The share of home mortgage loan payments that are 30 days or more past due fell from 5.3% in May 2016 to 4.5% in May 2017. The foreclosure inventory rate fell from 1% to 0.7% in the same period.
The share of mortgages that transitioned from current to 30 days past due was 0.9% in May 2016 compared with 0.8% in May 2017. This current rate is well below the peak rate of 2% in November 2008.
The data were reported Tuesday by CoreLogic in its Loan Performance Insights report. Early-stage delinquencies, defined as 30 to 59 days past due, were trending slightly lower in May 2017 at 1.9% compared with the year-ago rate of 2%. The share of mortgages that were 60 to 89 days past due in May 2017 was 0.6%, down from the year-ago rate of 0.7%. According to CoreLogic, measuring early-stage delinquency rates is important for analyzing the health of the mortgage market.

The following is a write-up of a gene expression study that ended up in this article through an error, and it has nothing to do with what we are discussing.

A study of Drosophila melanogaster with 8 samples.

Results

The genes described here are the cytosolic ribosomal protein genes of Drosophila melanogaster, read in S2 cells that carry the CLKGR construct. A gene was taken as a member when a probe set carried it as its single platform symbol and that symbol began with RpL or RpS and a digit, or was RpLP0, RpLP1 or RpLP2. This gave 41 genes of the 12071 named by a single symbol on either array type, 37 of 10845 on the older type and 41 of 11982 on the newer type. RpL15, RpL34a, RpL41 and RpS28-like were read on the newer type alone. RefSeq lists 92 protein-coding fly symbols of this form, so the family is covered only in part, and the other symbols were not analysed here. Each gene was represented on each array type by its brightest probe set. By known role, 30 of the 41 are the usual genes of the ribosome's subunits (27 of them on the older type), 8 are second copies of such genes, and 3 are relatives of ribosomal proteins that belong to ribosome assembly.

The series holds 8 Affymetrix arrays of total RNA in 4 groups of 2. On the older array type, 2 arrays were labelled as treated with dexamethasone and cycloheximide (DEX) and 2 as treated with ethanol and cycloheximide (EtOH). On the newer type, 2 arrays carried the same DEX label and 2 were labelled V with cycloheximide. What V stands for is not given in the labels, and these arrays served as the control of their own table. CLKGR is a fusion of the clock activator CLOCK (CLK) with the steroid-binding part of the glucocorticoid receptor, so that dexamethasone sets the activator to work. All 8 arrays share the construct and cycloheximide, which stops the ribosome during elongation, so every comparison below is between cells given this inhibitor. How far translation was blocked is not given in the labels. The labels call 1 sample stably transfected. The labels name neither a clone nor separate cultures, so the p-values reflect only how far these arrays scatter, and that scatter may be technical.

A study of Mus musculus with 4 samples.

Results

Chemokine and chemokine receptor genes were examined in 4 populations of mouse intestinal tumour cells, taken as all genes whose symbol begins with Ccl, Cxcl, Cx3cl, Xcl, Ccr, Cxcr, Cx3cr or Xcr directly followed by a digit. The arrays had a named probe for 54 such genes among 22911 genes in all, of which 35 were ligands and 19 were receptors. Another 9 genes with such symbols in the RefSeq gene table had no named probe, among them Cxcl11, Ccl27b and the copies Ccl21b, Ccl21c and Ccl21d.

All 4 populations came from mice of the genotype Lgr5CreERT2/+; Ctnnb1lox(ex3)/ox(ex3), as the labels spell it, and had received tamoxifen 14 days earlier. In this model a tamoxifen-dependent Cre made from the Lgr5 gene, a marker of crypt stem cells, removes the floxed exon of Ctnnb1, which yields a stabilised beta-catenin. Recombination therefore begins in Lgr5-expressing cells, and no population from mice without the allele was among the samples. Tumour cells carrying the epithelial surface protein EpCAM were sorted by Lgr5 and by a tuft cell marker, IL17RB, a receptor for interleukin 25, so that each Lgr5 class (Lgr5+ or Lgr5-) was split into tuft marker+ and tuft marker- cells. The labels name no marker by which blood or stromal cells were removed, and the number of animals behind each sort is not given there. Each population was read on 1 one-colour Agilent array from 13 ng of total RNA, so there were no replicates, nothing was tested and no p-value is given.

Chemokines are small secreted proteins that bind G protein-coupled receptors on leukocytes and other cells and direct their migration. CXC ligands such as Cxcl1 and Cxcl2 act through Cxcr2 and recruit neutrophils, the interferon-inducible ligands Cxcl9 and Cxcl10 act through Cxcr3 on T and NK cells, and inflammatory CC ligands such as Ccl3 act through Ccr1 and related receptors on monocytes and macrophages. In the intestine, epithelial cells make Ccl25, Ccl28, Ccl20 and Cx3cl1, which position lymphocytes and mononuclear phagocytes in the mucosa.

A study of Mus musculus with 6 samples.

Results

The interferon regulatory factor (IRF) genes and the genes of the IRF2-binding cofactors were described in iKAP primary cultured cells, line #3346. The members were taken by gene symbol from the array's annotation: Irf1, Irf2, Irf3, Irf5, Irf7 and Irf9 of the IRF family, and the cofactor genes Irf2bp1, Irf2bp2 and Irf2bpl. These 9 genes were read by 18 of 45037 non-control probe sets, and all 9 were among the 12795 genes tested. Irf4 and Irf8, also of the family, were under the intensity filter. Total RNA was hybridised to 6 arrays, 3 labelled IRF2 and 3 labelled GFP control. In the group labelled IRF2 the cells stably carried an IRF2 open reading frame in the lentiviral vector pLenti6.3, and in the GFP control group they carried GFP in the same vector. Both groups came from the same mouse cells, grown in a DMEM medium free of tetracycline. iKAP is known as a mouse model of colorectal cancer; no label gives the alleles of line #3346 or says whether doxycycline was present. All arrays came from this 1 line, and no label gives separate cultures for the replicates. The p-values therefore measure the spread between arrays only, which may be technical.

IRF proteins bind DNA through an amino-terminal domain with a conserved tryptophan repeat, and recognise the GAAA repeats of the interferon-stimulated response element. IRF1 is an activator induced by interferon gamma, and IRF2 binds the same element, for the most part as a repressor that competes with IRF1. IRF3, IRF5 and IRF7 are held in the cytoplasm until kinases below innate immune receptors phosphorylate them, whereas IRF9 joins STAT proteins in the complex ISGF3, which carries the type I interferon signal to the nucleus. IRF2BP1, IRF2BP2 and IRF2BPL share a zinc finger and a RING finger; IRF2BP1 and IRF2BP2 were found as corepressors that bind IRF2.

CoreLogic’s chief economist, Dr. Frank Nothaft, said:
Strong employment growth and home price increases have contributed to improved mortgage performance. Early-stage delinquencies are hovering around 17-year lows, and the current-to-30-day past due transition rate remained low at 0.8 percent. However, the same positive economic conditions helping performance have also contributed to a lack of affordable supply, creating challenges for homebuyers.
Frank Martell, president and CEO of CoreLogic, added:
A prolonged period of relatively tight underwriting criteria has driven delinquencies down to pre-crisis levels across many parts of the country. As pressure to relax underwriting standards increases, the industry needs to proceed carefully and take progressive, sensible actions that protect hard-fought improvements in mortgage performance.
The three states with the lowest 30-plus delinquency rate in January 2017 were North Dakota (2.0%), Colorado (2.1%) and Montana (2.5%). The 30-plus delinquency rate was highest in Mississippi (8.2%), Louisiana (7.6%) and New Jersey (7.1%).